After Paul and Barnabas had proclaimed the good news
to that city
and made a considerable number of disciples,
they returned to Lystra and to Iconium and to Antioch.
They strengthened the spirits of the disciples
and exhorted them to persevere in the faith, saying,
"It is necessary for us to undergo many hardships
to enter the kingdom of God."
They appointed elders for them in each church and,
with prayer and fasting, commended them to the Lord
in whom they had put their faith.
Then they traveled through Pisidia and reached Pamphylia.
After proclaiming the word at Perga they went down to Attalia.
From there they sailed to Antioch,
where they had been commended to the grace of God
for the work they had now accomplished.
And when they arrived, they called the church together
and reported what God had done with them
and how he had opened the door of faith to the Gentiles.
Then I, John, saw a new heaven and a new earth.
The former heaven and the former earth had passed away,
and the sea was no more.
I also saw the holy city, a new Jerusalem,
coming down out of heaven from God,
prepared as a bride adorned for her husband.
I heard a loud voice from the throne saying,
"Behold, God's dwelling is with the human race.
He will dwell with them and they will be his people
and God himself will always be with them as their God.
He will wipe every tear from their eyes,
and there shall be no more death or mourning, wailing or pain,
for the old order has passed away."
The One who sat on the throne said,
"Behold, I make all things new."
When Judas had left them, Jesus said,
"Now is the Son of Man glorified, and God is glorified in him.
If God is glorified in him,
God will also glorify him in himself,
and God will glorify him at once.
My children, I will be with you only a little while longer.
I give you a new commandment: love one another.
As I have loved you, so you also should love one another.
This is how all will know that you are my disciples,
if you have love for one another."
What do we do when the opposite of what we expect will happen actually happens? Are we so busy concentrating on what should have been that we don’t even notice what actually took place?
Years ago I experienced some of “that” while visiting friends in Paris. One evening they took me to meet their pastor in Belleville (France that is.) During the introductions, the priest smiled, shook my hand and said something to me. I quickly turned to one of my friends and instinctively said, “Tell Father I’m glad to meet him, but please tell him I don’t speak French.” My friend hesitated for a few seconds, then quietly informed me, “He’s speaking English to you!”
We heard about a similar happening in last week’s readings when, beyond all expectations, most Jews who encountered the good news rejected the faith of Jesus while many Gentiles accepted it. Jesus’ first followers originally presumed non-Jews would have little in common with this Jewish carpenter and the reform he preached. Yet by the time Luke composes his Acts of the Apostles in the mid-80s, Gentiles are making up the vast majority of the Christian community while the percentage of Jews in the church falls year after year.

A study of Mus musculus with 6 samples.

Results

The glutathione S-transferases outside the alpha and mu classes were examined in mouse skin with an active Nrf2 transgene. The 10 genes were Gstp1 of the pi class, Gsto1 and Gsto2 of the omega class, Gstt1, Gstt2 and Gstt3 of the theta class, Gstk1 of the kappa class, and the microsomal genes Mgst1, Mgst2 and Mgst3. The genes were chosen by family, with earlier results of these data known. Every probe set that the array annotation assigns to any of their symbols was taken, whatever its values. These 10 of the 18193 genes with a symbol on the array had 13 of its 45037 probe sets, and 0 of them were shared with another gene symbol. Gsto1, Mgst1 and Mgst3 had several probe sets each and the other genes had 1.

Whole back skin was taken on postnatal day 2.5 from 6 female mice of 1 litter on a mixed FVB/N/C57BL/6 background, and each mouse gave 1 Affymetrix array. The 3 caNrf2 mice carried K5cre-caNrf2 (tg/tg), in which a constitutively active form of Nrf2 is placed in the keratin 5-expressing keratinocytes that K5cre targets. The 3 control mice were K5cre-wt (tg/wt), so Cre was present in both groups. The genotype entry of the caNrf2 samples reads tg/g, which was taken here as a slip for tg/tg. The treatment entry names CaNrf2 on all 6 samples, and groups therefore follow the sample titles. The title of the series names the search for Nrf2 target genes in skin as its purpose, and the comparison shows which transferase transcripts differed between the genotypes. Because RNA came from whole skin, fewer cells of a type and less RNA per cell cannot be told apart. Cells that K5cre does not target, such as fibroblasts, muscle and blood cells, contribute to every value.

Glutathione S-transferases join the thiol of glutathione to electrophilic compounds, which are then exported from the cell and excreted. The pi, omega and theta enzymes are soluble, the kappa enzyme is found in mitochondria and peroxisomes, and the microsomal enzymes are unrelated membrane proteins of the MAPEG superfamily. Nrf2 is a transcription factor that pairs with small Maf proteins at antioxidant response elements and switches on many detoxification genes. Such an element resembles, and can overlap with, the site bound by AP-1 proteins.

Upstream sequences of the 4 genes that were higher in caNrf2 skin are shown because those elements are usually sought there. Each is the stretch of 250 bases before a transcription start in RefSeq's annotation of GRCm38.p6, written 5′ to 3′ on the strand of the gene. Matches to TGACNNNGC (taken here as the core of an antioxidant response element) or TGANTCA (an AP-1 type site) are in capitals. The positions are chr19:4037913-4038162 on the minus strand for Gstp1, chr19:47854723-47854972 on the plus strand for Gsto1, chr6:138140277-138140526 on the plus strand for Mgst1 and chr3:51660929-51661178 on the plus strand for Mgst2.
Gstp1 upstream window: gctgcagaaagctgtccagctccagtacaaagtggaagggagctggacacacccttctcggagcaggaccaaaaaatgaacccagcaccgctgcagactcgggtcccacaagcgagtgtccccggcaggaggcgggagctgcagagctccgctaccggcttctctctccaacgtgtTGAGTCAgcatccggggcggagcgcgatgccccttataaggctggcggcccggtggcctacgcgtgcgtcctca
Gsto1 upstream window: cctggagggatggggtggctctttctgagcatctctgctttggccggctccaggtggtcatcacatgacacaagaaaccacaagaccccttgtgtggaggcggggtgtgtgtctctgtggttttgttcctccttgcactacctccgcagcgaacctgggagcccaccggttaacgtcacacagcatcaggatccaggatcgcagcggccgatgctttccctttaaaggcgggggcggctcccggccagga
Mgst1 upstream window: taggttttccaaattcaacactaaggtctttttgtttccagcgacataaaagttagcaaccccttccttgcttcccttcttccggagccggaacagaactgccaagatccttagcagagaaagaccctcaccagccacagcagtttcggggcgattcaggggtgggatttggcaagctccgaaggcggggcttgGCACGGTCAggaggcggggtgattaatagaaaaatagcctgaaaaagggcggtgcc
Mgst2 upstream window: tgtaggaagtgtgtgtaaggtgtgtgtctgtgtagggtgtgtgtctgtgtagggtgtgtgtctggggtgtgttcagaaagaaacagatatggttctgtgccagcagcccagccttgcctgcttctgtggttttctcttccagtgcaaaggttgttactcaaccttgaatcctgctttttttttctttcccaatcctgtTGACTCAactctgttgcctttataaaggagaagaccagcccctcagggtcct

A unique Christian pattern is being created. Followers of the risen Jesus are expected to constantly “hang loose.” Those who are serious about accepting his/her faith can never be certain where he/she is going to take them next. The invitation could come from the most unexpected people, and lead down the most overlooked roads. Luke zeros in on this phenomenon in today’s Acts pericope.
When Paul and Barnabas returned to the community in Antioch which had originally commissioned and sent them out to spread Jesus’ faith, the church couldn’t help but be amazed at the report they gave. Though they sent them to evangelize Jews, they actually converted Gentiles! And when they backtracked through these new communities the pair discovered they were so generously adapting their lives to Jesus’ faith that they could begin appointing leaders among them. Christianity was much more than just a fad.
Slowly but surely, Jesus’ followers are discovering their faith is creating what the author of Revelation often refers to as a “new heaven and a new earth.” Right before their eyes, “the former heaven and the former earth had passed away.”
Yet in the midst of all these changes, there’s one constant in the faith of Jesus: love. Everything isn’t up for grabs. John’s Jesus couldn’t be clearer in his Last Supper discourse. “I give you a new commandment: love one another. As I have loved you, so you also should love one another. This is how all will know you are my disciples, if you have love for one another.” It’s this love which demands the frequent changes. The same act of love doesn’t always show love to everyone at the same time. As Paul and Barnabas discovered, other Christs have to reflect not only on what should be, but what actually is.
I, for instance, was always taught to expect dire “things” to result from inviting non-Catholic Christians to participate in the Eucharist. These transubstantiation unbelievers would probably do something to disrespect the host – or worse. (I clearly remember horror stories of people taking the host out of their mouths and conducting “black masses!”)
Yet in my personal experiences I’ve encountered nothing but good when the “rules” are broken and intercommunion happens. Not only are the recipients profoundly grateful to receive the Body of Christ, but it creates a oneness among the participants that can’t be accomplished any other way. Eucharist is no longer a reward, but a help.
During those times, is the risen Jesus actually speaking English to us?